On Wednesday afternoon, the state legislature passed the Governor's "Good Jobs" for Michigan plan.

Supporters of the plan say the legislation is conscious of taxpayers and is responsible. But critics contend the bill takes your income taxes and puts it in the hands of big corporations.

A handful of Republicans put up a fierce fight in the State House.

"... these projects do not work!" said Republican State Rep. Steve Johnson.

"Do you classify this as corporate welfare?" asked Political Reporter Nick Minock.

“It absolutely is corporate welfare. There's no other way you could classify it,” Johnson answered.

In an unlikely alliance, some House Democrats joined top Republicans in pushing back.

"What is happening right now is these big companies are shopping around state to state threatening that they'll take with them hundreds of thousands of jobs to get a better deal than the state's where they are at,” said Democrat State Rep. Jon Hoadley. “We have to get out of this race to the bottom because you don't get offered those tax credits, I don't get offered those tax credits. It's just the biggest companies with the best lobbyists."

Despite those concerns, the Governor's bill passed both chambers.

The bill sets aside $200 million dollars to lure huge companies Michigan.

Foxconn and other companies are looking to open in Southeast and West Michigan.

State Sen. Wayne Schmidt says rural parts of the state will benefit from those jobs, too.

"When we get those companies, it doesn't matter where they locate in the state,” he said. “That money eventually will make its way up to Northern Michigan and the Upper Peninsula."

Democratic House Rep. Brian Elder says the bill doesn't give away the new tax incentives to companies easily.

They must first hit important bench marks.

"These tax incentives are only available to entities that have created certified new jobs in the state. Those jobs must be full-time and pay between $20.53 and $25.66 per hour, and for my people, that’s a good living,” said Rep. Elder. “The safeguards put in place by this package ensure that we’re not just blindly handing out tax credits or other incentives — a business must prove its mettle, first.”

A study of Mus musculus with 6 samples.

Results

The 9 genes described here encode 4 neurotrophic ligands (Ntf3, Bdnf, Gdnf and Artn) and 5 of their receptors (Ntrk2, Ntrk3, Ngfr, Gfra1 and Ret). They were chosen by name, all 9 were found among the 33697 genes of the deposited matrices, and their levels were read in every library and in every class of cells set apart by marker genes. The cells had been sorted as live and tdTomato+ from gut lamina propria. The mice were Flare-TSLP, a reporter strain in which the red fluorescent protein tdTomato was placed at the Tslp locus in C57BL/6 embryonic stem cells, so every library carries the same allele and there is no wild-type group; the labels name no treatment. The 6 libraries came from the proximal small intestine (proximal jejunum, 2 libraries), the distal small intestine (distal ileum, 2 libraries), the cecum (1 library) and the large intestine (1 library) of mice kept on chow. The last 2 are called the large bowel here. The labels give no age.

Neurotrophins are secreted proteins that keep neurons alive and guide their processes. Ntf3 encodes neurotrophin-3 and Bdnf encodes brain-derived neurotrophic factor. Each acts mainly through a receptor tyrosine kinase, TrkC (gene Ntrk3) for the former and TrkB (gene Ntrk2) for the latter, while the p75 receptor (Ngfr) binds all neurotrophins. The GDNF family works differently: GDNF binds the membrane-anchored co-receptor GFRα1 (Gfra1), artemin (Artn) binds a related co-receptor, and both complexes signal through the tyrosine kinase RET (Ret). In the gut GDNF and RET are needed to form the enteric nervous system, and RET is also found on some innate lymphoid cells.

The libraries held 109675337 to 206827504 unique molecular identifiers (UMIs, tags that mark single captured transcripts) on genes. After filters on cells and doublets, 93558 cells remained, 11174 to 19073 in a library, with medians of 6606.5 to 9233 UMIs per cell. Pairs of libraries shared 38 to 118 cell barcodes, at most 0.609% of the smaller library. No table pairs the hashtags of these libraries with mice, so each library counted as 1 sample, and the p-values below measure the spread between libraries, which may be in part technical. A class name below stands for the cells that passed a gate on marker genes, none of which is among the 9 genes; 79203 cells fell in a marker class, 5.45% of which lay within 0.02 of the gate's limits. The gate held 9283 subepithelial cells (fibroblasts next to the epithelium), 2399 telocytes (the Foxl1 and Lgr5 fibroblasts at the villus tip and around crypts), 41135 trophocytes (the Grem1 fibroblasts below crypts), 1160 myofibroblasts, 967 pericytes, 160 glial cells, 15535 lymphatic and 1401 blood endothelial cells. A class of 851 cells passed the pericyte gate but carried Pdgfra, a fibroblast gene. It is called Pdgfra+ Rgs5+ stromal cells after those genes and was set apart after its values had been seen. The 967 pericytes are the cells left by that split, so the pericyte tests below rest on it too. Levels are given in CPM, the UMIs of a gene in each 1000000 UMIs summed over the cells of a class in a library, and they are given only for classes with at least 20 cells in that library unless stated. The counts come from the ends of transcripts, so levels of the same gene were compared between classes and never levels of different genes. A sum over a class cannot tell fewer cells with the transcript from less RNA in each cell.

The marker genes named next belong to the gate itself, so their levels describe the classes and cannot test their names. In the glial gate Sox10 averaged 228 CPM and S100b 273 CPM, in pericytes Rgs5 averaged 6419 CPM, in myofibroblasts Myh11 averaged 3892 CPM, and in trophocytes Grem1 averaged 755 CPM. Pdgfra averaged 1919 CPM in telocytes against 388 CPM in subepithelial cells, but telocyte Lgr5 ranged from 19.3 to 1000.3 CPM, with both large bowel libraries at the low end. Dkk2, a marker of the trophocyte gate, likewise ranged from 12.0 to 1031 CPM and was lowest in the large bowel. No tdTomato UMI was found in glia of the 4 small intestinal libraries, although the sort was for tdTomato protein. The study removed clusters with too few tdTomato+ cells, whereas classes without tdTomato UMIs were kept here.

Supporters of the bills also say there are safeguards in place.

"We will have until 2019 to reassess and reevaluate whether or not this works for our state,” said Democrat State Rep. Leslie Love.

Gov. Snyder is expected to sign the legislation.

“Michigan has made a tremendous economic comeback in the past six years, and passage of this legislation sends the signal that we are pressing forward to ensure the strongest possible future,” said Gov. Snyder.

The Governor released a statement following the passage of the job bills.

“Where before we were complacent and our economy centered around the Michigan Business Tax and a broken tax code, including an overabundance of tax credits, we are now enacting forward-thinking policies that make us more competitive for new jobs and industries in a fiscally responsible fashion," he said. "We are ensuring a future economy that is diversified and will stand on solid footing, with new jobs for Michiganders for the foreseeable future.”

Republican House Speaker Tom Leonard voted against the job bills.

“Senate Bills 242-244 allow the government to pick economic winners and losers, and that is simply bad tax policy,” said Leonard.” The broad tax cuts and regulatory changes Michigan has embraced instead since 2011 have helped our small, local small businesses grow here at home, and that is the better policy that has built our state’s amazing comeback.”

Leonard and other top House Republicans met with Gov. Snyder behind closed doors leading up to the vote.

“I believe Senate Bills 242-244 are bad for Michigan, and I believe they are especially bad for the community that chose me as its representative,” said Leonard. ”However, a majority of my colleagues disagreed and chose to pursue these bills. I respect their opinion; I simply do not share it.”